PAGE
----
Eerdmans, 96 pages
In this remarkable set of brief sermons on the traditional seven last words of Jesus, Fleming Rutledge muses that it may be the culmination of her preaching life. Having read her sermons and essays for nearly 40 years, I agree, though the same might be said of her magnum opus “The Crucifixion,” which these sermons echo. Preached on Good Friday at St. Thomas Church Fifth Avenue in New York City, each contains an astonishing compact display of biblical theology, precise exegesis, cultural commentary, political criticism and, above all, evangelical passion for the gospel of Jesus Christ. It is this combination that makes Rutledge a rare preacher — one from whom preachers can learn a great deal about their vocation. She demonstrates how one can declare without embarrassment the radical saving significance of the crucifixion of Jesus for a contemporary audience. Her array of skills and command of knowledge is breathtaking, primarily because it is delivered with such pastoral warmth and accessible language.
In each of these sermons, she makes clear her concern for the listener. And that is what makes these sermons accessible for everyone. We hear clearly that something is at risk when the gospel is preached and she lets you know it in the most emphatic way. Rutledge informs her listeners – all of whom wandered in from the streets of New York – how each of the four Gospel writers have a unique way of telling the story of Jesus. She artfully shows how Matthew and Mark emphasize the cry of dereliction, while Luke focuses on forgiveness and John highlights the role of community of disciples born at the foot of the cross.
Rutledge writes that each Gospel writer “wants to tell us in the most convincing way possible that the crucifixion of the Son of God is the most important thing that has ever happened and that it reveals the true and complete destiny of humanity and the creation.”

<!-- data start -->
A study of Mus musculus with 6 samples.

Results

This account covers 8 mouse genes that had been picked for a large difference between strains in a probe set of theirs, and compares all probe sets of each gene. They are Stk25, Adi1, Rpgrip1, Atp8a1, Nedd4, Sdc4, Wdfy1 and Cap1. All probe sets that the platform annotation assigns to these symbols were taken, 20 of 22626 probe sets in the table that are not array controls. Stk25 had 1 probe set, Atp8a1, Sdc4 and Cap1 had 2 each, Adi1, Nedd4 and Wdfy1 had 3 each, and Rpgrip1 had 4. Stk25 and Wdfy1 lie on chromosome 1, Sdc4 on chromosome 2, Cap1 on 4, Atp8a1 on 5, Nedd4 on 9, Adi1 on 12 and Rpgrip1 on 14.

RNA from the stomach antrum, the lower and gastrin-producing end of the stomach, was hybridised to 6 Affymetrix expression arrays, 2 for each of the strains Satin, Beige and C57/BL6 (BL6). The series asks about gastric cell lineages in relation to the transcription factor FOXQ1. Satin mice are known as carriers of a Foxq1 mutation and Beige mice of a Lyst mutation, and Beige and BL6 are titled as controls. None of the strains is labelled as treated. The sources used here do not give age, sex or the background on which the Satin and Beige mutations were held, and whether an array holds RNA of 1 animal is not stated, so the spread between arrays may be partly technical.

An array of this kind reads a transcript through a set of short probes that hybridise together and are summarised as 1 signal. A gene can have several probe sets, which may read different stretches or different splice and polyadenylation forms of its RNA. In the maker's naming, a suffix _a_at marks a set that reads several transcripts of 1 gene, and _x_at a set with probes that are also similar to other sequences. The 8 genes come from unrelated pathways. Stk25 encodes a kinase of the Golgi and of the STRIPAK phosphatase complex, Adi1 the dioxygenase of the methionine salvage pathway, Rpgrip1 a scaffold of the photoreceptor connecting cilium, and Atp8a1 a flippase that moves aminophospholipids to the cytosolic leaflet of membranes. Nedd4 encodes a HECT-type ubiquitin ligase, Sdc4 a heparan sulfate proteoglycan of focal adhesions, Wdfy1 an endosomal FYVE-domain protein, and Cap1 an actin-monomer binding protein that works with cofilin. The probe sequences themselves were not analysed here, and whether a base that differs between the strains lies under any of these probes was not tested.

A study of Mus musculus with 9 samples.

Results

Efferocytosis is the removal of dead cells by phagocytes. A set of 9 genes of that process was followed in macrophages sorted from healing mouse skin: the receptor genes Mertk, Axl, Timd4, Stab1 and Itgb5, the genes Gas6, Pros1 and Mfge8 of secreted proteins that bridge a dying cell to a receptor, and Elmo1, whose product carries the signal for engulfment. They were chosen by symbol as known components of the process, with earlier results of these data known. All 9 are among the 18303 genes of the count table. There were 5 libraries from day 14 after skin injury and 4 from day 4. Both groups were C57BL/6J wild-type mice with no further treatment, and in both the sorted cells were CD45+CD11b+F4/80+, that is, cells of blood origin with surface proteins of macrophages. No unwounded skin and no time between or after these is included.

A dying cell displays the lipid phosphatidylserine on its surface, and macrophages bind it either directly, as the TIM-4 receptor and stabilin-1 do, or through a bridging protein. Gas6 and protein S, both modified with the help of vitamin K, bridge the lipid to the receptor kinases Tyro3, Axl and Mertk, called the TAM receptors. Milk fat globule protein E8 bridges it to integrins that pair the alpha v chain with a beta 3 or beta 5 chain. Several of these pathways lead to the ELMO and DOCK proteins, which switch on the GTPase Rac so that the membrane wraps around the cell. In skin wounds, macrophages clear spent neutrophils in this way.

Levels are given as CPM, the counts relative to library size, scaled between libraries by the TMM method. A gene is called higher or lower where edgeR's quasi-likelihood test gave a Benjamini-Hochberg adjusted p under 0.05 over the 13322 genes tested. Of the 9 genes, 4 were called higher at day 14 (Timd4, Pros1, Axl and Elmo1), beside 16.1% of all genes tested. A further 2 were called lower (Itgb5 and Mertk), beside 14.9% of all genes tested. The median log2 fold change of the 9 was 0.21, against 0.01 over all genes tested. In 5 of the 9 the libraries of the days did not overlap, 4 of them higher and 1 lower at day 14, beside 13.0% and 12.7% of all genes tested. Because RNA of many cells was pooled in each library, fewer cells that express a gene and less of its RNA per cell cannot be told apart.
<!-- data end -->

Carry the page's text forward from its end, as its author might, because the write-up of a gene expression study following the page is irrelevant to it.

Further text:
Preachers know how demanding it is to preach on Good Friday. They know the gap between the desire for sentimentality among many Christians and the actual gospel truth of the torture, abandonment and unspeakably horrifying death of Jesus on the cross. These sermons teach us how to stay focused on the truth of the gospel and the life-saving significance of the incarnate God being crucified for the salvation of the world. Jesus’ famous words, “Father forgive them,” becomes an occasion to reflect upon the limits of forgiveness, the demands of justice and the righteousness of God which leads to a powerful declaration of God’s justification that is beyond mere forgiveness. “I thirst” opens up a profound meditation on living water, including commentary on the injustice rendered to the people of Flint Michigan forced to drink poisoned water. Rutledge’s gift is the skill to do this without ever losing focus on the main subject of Jesus’ saving death. Jesus’ mother and the beloved disciple meet at the foot of the cross. Here we gain insight into the nature of the community of Christ’s disciples born in this tender encounter that goes far beyond sentimental notion of family.
After 40 years, I came away from these sermons with new insight, awe and gratitude for the gospel so precisely rendered.
Roy W. Howard is the pastor of Saint Mark Presbyterian Church in North Bethesda, Maryland, and the book editor of Presbyterian Outlook.